Alberta Premier Jim Prentice says he disagrees with a new Conference Board of Canada report that says Alberta faces the possibility of slipping into a recession this year because of the drop in oil prices.

"I didn’t find [the Conference Board's] analysis to be particularly cogent, to be frank, and the opinion that they’ve put forward is an outlier amongst all of the other opinions that have been put forward by every one of Canada’s chartered banks and by other respected economic forecasters," said Prentice, taking questions from reporters in Calgary.

"If you take the consensus of all of the other forecasts that have been undertaken, there is a slippage in economic growth in Alberta from something in the range of 3.2 per cent down to something between 1.8 and 2.2 per cent," he said.

"Certainly we intend to make measured, balanced fiscal choices that will continue to keep us in a positive growth mode."

Board's recession prediction

Much lower energy prices are playing out in different ways across Canada, but the Conference Board said Tuesday the impact is likely to be the most prominent in Alberta's oil-heavy economy.

oilsands fort mcmurray dumptruck

Lower energy prices are playing out in different ways across Canada, but one place where the impact is likely to be the most prominent is Alberta's oil-heavy economy. (Dave Olecko/Bloomberg)

Many economists have slashed their growth expectations in recent months as the price of a barrel of oil has nosedived from $105 US as recently as June to under $50 today. But the Conference Board said the province faces more than just a slowdown — it could see an actual recession.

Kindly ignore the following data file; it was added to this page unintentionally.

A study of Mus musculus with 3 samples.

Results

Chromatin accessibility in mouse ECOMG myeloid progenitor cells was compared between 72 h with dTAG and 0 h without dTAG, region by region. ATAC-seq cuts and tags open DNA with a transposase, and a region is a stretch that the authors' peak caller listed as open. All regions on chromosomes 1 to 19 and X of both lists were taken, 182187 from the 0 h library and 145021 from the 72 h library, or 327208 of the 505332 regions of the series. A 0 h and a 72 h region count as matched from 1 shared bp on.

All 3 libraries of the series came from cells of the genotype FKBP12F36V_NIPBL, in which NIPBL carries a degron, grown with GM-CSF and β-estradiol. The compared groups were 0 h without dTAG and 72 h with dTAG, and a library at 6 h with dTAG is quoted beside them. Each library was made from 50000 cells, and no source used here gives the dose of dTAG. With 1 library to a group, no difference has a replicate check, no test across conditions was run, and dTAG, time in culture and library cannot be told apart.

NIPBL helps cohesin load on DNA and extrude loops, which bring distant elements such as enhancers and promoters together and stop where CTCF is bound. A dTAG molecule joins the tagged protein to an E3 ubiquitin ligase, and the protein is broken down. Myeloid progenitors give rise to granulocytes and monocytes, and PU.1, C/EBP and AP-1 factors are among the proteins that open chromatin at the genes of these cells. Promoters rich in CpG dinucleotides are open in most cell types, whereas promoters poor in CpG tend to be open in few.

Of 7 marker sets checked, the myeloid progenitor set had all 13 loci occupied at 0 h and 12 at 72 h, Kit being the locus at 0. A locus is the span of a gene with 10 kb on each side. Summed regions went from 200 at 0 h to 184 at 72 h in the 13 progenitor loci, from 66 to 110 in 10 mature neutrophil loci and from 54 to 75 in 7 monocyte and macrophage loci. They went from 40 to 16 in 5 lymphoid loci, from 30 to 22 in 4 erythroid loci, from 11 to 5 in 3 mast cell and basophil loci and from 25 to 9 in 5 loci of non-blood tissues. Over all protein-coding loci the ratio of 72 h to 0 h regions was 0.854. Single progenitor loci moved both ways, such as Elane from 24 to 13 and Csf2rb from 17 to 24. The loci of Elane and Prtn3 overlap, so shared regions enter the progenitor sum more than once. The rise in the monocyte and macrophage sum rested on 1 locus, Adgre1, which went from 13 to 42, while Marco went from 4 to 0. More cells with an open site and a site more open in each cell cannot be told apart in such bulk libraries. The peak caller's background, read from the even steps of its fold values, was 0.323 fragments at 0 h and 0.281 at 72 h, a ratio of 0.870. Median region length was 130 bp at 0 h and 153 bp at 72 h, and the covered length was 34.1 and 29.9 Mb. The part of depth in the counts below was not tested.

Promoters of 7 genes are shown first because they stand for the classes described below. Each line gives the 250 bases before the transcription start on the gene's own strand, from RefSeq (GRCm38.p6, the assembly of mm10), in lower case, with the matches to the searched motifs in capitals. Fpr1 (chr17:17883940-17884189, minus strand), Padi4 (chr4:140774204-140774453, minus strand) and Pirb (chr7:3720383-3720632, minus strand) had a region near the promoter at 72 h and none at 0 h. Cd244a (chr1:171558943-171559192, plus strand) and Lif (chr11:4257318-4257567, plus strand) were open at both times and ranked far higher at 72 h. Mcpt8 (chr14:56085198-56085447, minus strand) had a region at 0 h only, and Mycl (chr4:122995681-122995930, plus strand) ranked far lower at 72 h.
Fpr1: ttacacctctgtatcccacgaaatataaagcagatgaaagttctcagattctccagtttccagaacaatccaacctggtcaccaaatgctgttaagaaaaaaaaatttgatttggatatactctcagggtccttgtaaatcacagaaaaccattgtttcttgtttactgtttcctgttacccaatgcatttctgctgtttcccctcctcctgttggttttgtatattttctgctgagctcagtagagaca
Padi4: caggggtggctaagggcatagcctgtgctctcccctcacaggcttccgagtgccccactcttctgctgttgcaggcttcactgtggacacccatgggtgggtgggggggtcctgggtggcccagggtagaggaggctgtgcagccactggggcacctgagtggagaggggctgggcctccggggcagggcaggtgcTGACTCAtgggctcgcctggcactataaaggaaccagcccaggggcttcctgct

"Going forward, the province is certain to suffer, especially on the employment front, from the drop in oil prices — and it is likely to slip into recession," Daniel Fields, an economist at the not-for-profit research organization, said in a recent report.

Many provincial governments, and indeed the federal government, have benefited from high energy prices since the recession. But none are so reliant as Alberta, where the provincial government relies on royalties for about a quarter of its revenues.

It's not just governments that are expecting leaner times. Companies in the real economy that have spent billions expanding the Athabaska oilsands are cutting back.

Late last year Total S.A. postponed its Joslyn oilsands project, while Statoil put the brakes on a  Kai Kos Dehseh project. In December, Husky and Penn West both trimmed their spending budgets by billions of dollars. And just yesterday, Canadian Natural Resources, the giant of the space, slashed about $2 billion from what it plans to spend in the oil patch this year.

All those lost dollars are likely to trickle down into fewer jobs, compounding the pain. Shell announced Friday that it was trimming 200 positions.

Some oil patch watchers are bracing for more, as the last time oil prices cratered like this was in the recession of 2008.

"Engineering investment in the province nosedived by about $18 billion, some 30,000 jobs in Alberta’s mining sector disappeared, and housing starts fell 75 per cent," Fields said.

The Conference Board's chief economist Glen Hodgson will be a guest on The Exchange with Amanda Lang on Tuesday to give more details of his analysis.